M. Dinesh Varma

Some findings to be discussed at a conference in Singapore

  • Five scientific papers to be tabled at the meet
  • Interesting finding on influence of oestrogen receptors

    CHENNAI: A decline in appetite or loss of weight in a patient merits a closer evaluation by the gastroenterologist. And, if the patient is a male who smokes, consumes alcohol and is at `high-risk' in having a family history of this form of cancer, an endoscopy is the rule of the day. All this comes against the backdrop of gastric cancers becoming one of the most common and high-mortality malignancies in men and women.

    "The earlier a gastric cancer is detected, the better the chances of curative intervention," says S. M. Chandramohan, who heads the department of surgical gastroenterology, Government Royapettah Hospital.

    Unfortunately, most gastric cancers are diagnosed in advanced stages where the malignancy has spread to other organs. In such cases, the treatment moves away from the curative to a containment theme, where the focus is on surgically removing the primary tumour site and providing chemotherapy as a palliative measure.

    The urgency shared the world over to develop protocols for early detection and management of gastric cancer has opened up new treatment avenues for this malignancy, which is more common in men.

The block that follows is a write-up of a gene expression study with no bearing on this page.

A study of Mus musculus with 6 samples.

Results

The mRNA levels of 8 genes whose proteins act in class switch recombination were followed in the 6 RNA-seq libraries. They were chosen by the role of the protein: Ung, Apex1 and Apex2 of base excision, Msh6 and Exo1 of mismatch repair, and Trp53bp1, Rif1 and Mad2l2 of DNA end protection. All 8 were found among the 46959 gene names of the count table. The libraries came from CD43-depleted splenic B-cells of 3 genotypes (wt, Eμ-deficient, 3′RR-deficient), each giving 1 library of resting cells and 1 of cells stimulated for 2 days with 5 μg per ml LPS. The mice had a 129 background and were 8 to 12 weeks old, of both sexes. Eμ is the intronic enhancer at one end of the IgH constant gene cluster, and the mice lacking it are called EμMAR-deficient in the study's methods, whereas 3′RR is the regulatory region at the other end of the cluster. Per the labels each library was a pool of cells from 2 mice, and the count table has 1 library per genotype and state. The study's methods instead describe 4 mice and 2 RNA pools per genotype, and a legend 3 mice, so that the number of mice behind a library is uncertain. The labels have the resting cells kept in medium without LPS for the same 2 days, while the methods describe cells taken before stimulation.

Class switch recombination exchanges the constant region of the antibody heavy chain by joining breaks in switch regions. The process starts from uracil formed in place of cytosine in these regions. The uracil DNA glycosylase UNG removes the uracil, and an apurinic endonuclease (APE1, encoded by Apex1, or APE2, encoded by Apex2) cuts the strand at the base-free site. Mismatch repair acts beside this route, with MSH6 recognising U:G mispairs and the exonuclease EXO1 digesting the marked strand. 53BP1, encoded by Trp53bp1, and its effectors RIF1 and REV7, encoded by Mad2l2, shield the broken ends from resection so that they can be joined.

The above research on gastric cancer and the findings will be part of the deliberations at the First Asia Pacific Gastric Conference scheduled at the National University of Singapore between November 20 and 22.

    Five scientific papers, including original efforts and two papers that won the first prize at the recent national conference of the Indian Association of Surgical Gastroenterology, will be tabled in the Singapore meet.

    An interesting finding relates to the influence of oestrogen receptors in patients with stomach cancer (adenocarcinomas). This work examined the oestrogen effect in terms of patients' response to drug therapy, building on global data on breast cancer research that showed patients who are positive in relation with oestrogen receptors responded better to chemotherapy (with a drug like Tamoxifen).

    The results indicated that the effects of the oestrogen receptor in stomach cancer could help identify patients who will best respond to oestrogen receptor modulating drugs.

    Another important work was directed at identifying the presence of the TP53 gene, the mutation of which produces gastric cancers. The research findings not only help identify patients who will best benefit from gene therapy but also explore the scope for early detection of disease at the stage of gene mutation.

    The department also examined the role of Epidermal Growth Factor Receptor and the Vascular Endothelial Growth Factor in tumour angiogenesis (tumour-induced growth of blood vessels).